A vacation in the Austral Islands is well suited for travelers with a spirit for adventure, who seek out untouched corners of the earth. Hundreds of miles to the south of Tahiti, this chain of five high islands is located on the Tropic of Capricorn.
The Australs are famed as much for the traditional art of weaving coconut and pandanus leaves into elaborate hats, purses, mats, and bags, as for the seasonal passage of humpback whales in its surrounding waters.
Compared to the rest of French Polynesia, accommodations in the Australs can be scarce, consisting only of a few small hotels and family pensions scattered across the islands. Still, there is plenty to see and experience in the region, known for its superb white sand beaches, rich vegetation and distinctly dramatic geological characteristics.
Rurutu is the northernmost island in the Austral archipelago. The topography of the island is striking, consisting of high cliffs surrounded by numerous caves, which can be explored by visitors. Humpback whales are another exceptional attraction here from July to October, but diving in the waters of Rurutu can be done all year round.
The largest of the Austral Islands is Tubuai, often called ‘The Island of Plenty.’ Tubai is comprised of two sets of hills on the eastern and western flanks of the island, joined by lowland valleys. When seen from the sea, this gives the appearance of being two islands. Tubuai is surrounded by a barrier reef enclosing a wide lagoon with fringing white sand beaches, making it an ideal spot for snorkeling. The area is also slowly gaining recognition as a haven for surfing.
Rimatara is the smallest of the Australs in size, height, and populace. Currently, visitors arrive by whaleboat at one of two villages, Amaru or Mutua Ura, but a new airport is in the process of being constructed. When new visitors arrive to Rimatura, a traditional ceremony invites them to pass through a cloud of purifying smoke wafting from beachside fires.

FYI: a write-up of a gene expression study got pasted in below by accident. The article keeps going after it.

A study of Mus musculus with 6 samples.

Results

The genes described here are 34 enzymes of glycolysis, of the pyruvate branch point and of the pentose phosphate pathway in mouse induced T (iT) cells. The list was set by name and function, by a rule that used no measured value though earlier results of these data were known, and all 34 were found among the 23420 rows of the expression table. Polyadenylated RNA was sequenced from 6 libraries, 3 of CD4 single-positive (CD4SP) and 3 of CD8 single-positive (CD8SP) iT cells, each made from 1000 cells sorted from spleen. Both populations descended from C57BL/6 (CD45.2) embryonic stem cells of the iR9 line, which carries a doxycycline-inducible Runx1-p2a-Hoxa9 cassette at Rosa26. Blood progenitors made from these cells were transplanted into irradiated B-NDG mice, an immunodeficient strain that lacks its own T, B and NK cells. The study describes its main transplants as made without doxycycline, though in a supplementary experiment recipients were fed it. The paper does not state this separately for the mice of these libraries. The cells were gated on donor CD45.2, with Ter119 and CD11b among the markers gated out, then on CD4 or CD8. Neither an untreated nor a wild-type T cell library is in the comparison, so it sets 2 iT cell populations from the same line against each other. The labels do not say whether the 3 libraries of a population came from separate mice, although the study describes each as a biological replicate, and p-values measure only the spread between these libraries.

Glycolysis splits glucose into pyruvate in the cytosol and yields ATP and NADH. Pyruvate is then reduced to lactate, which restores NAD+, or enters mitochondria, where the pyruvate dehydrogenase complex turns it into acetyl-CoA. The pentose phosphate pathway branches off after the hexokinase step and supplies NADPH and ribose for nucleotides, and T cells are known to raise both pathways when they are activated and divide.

Situated just below the Tropic of Capricorn, Raivavae is one of the foremost islands for archeology and natural beauty in French Polynesia. Air Tahiti services the islands with flights through Tubuai. About 1,100 people live in four coastal villages on the island, with Rairua serving as the administrative center.
Finally, Rapa is the southernmost island in the South Pacific. Situated 100 miles from Raivavae and over 720 miles south of Tahiti, it is commonly called Rapa- ti or “little Rapa” in deference to the big Rapa (Rapa Nui) - Easter Island. Fittingly, the two islands share a strong cultural connection. Rapa’s 500 inhabitants are descendants of fierce Polynesian warriors, kings, hardy sailors and pearl-shell divers.
The only island in French Polynesia that is below the tropical zone, remote Rapa faces extreme exposure conditions. The temperature in this southerly clime can drop to 5 degrees Celsius (41 degrees Fahrenheit) during the Austral winter of July and August, when winds blow across the turbulent open seas, bringing cold temperatures up from the South Pole.
No airport exists on Rapa, and supplies are brought in by cargo ship from Tahiti. There are no tourist facilities other than a bed or room in a private home. Even though this lonely island at the bottom of the world is difficult to reach, there are still venturesome souls who heed the call to far away places.